First Derivative

In calculus, the most common operation you will perform is taking the derivative of a number. Take the following equation as an example.

 

cubic_function

 

Let’s plug in some numbers into this function and then plot it to get some more information about its shape.

x 4x^{3} 5x^{2} 6x d + e - f + 10
1 4 5 6 13
2 16 20 24 22
3 36 45 54 37
4 64 80 96 58
5 100 125 150 85
6 144 180 216 118

 

Plotting this onto a graph, we get:

graph_example

When we plot the graph, we get important information such as:

  • Where the function increases and decreases
  • How fast it is increasing and decreasing at certain points

For example, at x equal to 5, we can see the function is increasing rapidly given the slope is quite steep at that point. While graphing gives us useful information, it is not practical to graph every equation in order to extract information from it.

Taking the derivative of a function solves this problem. The derivative of a function is a measure of how fast or slow the function is increasing or decreasing at any given point in the function. This is also known as the rate of change.

First Derivative Properties

The most important property of taking the derivative of a function is something known as continuity. Take a look at the examples below to get an idea of what being continuous means.

graph_example_sin2

graph_example_break

graph_example_jump

A Continuous No breaks in the line
B Not Continuous A break
C Not Continuous A hole

Critical Point

Take any random point on the graph of a continuous function as an example. If the first derivative at that point is zero, that point is a critical point of the function. In formal terms:

first_derivative_critical_point

Let’s see what this translates into. We know that the first derivative is the rate of change of a function. If the first derivative is equal to zero, this is like saying there is no change at that point.

graph_example_linear_equation

As you can see, there are two points on the graph where the rate of change appears to be zero. We can see this by drawing the slopes at each point. At points A and C, the slope looks flat. Compare this to point B, where the slope is diagonal.

Rolle’s Theorem

Rolle’s theorem is an important theorem because it helps you understand the mean value theorem. Rolle’s theorem states the following:

Assumption 1 If you have a function that:
Sub-condition Is continuous on an interval [x,y]
Sub-condition Can be differentiated on the interval (x,y)
Sub-condition The function at x - f(x) - is equal to the function at y - f(y)
Assumption 2 There is a point z where f’(z) = 0
Result Then the function has a critical point in the interval (x,y)

Which is basically saying that between these two points there is a critical point if these conditions are satisfied.

Mean Value Theorem

The mean value theorem is similar to Rolle’s theorem, except that it actually needs Rolle’s theorem in order to prove that it exists. The MVT says the following.

Assumption 1 If you have a function that:
Sub-condition Is continuous on an interval [x,y]
Sub-condition Can be differentiated on the interval (x,y)
Result There is a point z where f’(z) is \frac{f(y) - f(x)}{y-x}

Problem 1

The owner of a shop wants to know more about the influence of the changes in the average price of the goods in their store on the demand. You have the following function:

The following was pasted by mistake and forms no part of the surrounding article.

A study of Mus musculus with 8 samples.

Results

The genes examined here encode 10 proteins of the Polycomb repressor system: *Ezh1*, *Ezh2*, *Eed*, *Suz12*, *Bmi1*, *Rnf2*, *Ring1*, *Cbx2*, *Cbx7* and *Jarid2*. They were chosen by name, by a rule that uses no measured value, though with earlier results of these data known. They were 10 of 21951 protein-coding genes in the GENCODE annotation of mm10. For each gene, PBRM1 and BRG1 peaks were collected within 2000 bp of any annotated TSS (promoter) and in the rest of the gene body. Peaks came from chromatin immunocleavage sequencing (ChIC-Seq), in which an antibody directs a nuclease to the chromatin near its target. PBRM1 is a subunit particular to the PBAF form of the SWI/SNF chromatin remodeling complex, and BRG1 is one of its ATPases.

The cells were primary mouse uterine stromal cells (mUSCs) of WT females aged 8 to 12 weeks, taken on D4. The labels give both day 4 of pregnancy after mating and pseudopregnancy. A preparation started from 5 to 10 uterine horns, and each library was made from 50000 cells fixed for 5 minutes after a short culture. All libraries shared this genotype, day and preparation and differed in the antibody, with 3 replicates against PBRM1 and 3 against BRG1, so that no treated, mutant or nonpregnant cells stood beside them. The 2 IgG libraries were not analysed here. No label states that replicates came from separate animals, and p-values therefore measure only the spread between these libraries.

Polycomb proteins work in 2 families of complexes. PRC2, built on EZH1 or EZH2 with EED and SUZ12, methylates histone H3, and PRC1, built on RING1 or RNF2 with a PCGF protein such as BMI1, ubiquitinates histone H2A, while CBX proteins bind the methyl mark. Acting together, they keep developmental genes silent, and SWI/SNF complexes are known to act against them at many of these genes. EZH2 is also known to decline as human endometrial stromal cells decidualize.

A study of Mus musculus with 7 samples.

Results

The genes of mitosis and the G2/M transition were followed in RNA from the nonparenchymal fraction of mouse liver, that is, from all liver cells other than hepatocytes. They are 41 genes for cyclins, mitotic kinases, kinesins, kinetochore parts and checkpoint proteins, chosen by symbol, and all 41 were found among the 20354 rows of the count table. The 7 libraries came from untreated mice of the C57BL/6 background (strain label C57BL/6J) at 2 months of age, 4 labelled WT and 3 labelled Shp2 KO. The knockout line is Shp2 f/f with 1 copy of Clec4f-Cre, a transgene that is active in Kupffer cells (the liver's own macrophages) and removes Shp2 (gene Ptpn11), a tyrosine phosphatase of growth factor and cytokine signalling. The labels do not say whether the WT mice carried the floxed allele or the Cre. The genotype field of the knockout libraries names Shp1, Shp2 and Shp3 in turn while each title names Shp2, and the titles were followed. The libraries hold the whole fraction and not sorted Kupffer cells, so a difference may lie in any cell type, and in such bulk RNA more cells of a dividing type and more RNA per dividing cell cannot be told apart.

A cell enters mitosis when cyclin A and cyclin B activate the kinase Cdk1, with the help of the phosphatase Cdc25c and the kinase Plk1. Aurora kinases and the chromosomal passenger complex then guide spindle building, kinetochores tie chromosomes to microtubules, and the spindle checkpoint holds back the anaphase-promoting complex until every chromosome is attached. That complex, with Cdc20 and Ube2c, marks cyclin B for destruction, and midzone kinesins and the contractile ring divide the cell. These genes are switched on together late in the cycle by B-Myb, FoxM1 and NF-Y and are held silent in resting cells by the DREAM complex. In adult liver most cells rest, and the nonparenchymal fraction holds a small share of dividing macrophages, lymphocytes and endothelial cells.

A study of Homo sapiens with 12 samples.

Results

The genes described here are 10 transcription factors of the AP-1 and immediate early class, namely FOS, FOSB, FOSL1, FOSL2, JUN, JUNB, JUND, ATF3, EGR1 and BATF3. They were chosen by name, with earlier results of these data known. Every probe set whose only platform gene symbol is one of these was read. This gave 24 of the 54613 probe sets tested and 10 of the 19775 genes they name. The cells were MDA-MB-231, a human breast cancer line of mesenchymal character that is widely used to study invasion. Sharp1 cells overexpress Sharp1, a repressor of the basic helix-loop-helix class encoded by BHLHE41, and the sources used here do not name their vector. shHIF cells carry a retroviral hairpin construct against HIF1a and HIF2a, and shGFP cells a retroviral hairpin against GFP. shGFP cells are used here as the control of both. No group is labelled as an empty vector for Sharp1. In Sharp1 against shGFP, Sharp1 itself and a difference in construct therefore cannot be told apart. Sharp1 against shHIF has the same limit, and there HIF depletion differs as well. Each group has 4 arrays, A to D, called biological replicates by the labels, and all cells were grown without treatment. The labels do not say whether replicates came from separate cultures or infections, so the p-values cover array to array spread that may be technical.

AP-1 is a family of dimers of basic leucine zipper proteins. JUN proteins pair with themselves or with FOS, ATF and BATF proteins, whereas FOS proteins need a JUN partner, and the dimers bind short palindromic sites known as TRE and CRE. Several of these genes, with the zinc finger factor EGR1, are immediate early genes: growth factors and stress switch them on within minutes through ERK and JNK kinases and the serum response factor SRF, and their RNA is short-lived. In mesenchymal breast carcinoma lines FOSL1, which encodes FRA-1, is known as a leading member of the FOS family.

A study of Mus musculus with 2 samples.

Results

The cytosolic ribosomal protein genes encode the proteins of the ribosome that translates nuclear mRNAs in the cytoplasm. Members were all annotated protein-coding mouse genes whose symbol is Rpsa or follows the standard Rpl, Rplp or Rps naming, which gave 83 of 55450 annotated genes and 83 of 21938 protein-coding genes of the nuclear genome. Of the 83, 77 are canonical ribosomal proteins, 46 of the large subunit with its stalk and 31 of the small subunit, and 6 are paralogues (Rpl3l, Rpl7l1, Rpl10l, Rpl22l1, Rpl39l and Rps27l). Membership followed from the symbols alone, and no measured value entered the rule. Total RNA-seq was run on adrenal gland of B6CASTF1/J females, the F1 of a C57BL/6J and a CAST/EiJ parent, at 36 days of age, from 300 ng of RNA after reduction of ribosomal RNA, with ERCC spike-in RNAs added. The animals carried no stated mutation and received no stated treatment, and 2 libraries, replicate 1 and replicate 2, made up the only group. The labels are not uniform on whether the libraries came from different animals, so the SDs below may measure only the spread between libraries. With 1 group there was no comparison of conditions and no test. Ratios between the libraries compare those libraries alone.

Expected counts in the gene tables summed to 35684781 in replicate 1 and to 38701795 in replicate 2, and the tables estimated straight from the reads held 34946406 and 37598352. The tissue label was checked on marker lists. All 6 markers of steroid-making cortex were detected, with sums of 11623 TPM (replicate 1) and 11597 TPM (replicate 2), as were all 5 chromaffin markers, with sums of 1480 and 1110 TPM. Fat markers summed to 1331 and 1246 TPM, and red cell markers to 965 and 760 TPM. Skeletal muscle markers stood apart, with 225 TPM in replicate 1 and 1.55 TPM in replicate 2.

linear_equation

This function details the price and demand of the store. In order to give the owner more information, you decide to tell them at which price the demand stops increasing or decreasing. In other words, you want to find the relative extrema at this point, if there are any. Solve this problem.

Problem 2

You are interested in the following function.

fourth_degree_equation

Conduct a first derivative test for local extrema. Then, plot the function onto a graph, marking the extrema.

 

Problem 3

You are given the following information.

Function f(x)
Point 1 Continuous on [4,10]
Point 2 Differentiated on [4,10]
Point 3 f(4) = -1
Point 4 f’(x) geq 8

Using the mean value theorem, what is the biggest value f(10) can take on?

Solution Problem 1

In order to find the point at which the price stops increasing or decreasing, we need to differentiate the equation and solve for where y will be equal to zero.

First, we need to apply the rule that deals with adding or subtracting two functions.

composite_function

This tells us that the first derivative of two functions added or subtracted from each other is the same as the sum or difference of the first derivative of each separate function.

derivative_rules

The first derivative of a constant is 0, so we are left with :

first_derivative_example

Which means that the demand doesn’t change when the price is zero.

Solution Problem 2

For this equation, we were asked to conduct a first derivative test to find local extrema. First, we need to take the first derivative of the equation.

first_derivative_example2 first_derivative_example3

Now, we simply see which value of y where x is equal to zero.

    \[ y = 2x^{3} + 4 \]

    \[ y = 2(0^{3}) + 4 \]

    \[ y = 0 + 4 = 4 \]

The point (0,4) is a candidate for local extrema.

Solution Problem 3

For this problem, we simply conduct the MVT backwards.

    \[ f(10) - f(4) = f'(z)(10 - 4) \]

    \[ f(10) = f'(z)(10 - 4) + f(4) \]

    \[ f(10) = 6(f'(z)) -1 \]

Since f’(z) geq 8, we know that the highest number that z can be is 8.

    \[ f(10) = 6(8) -1 = 47 \]

Need a Maths teacher?

Did you like the article?

1 Star2 Stars3 Stars4 Stars5 Stars 5.00/5 - 1 vote(s)
Loading...

Danica

Located in Prague and studying to become a Statistician, I enjoy reading, writing, and exploring new places.